American Association of Plastic Surgeons

Cecillia Lui, MD, Yang Bai, MD, Enoch Yeung, MD, Seungman Park, PhD, Yun Chen, PhD, Chulan Kwon, MS, PhD, Gordon Tomaselli, MD, Gordon Tomaselli, MD, Luca A. Vricella, MD FACS, Narutoshi Hibino, MD.
Johns Hopkins Hospital, Baltimore, MD, USA.

Objectives:
Current tissue engineering efforts to develop a clinically relevant tissue graft from human induced pluripotent stem cells (hiPSCs) have been hindered by the persistent immature character of resultant cardiomyocytes. We hypothesize that mechanical stimulation of 3D printed cardiac tissues created from hiPSC-derived cardiomyocytes (CMs) will result in improved maturation of the graft.
Methods:
Scaffold-free cardiac tissue graft patches were printed from hiPSC-derived CM cell spheroids using a 3D bioprinter (Regenova, Cyfuse Biomedical K.K., Tokyo, Japan), then either mechanically stimulated by stretching and mounting on to laminin-coated polydimethylsiloxane (PDMS) molds, or otherwise left to culture free-floating in media. After growth, we compared stretched and unstretched patch morphology and sarcomere length (n=3).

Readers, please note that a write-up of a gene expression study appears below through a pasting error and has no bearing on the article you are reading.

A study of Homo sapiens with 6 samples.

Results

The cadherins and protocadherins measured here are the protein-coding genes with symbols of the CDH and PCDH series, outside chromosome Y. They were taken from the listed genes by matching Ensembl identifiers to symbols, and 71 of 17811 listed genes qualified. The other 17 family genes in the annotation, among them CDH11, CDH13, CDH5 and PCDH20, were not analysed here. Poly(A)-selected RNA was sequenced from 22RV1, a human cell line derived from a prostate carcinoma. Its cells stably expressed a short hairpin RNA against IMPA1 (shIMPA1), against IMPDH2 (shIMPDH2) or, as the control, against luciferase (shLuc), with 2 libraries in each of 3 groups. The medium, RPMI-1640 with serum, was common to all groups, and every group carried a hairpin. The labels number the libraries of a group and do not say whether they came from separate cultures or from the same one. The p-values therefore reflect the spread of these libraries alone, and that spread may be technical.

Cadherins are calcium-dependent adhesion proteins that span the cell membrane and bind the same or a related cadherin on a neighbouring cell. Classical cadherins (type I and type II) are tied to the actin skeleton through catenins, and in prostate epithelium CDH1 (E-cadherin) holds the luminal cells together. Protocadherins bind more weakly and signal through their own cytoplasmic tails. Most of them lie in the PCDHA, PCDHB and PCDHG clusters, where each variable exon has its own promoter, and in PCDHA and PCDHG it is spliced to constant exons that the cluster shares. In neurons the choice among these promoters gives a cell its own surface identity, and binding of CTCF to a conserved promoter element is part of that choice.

Results:
Immunofluorescence image analysis demonstrated significantly increased sarcomere length at 1 week and 4 weeks of culture compared to free-floating patches cultured for the same time. Based on this analysis, we expect that traction force microscopy, electromagnetic tweezers, and qPCR will reveal increased patch functional and molecular maturity as a result of mechanical stimulation. We anticipate that beating contractile force will increase, tensile strength by Young’s modulus of the tissues will improve, and genetic markers indicating cardiomyocyte differentiation will be upregulated.
Conclusions:
Our studies so far suggest that mechanical stimulation plays an important role in maturation of hiPSC derived-CMs, and represent an incremental but foundational advance toward clinically applicable, scaffold-free human cardiac tissue grafts.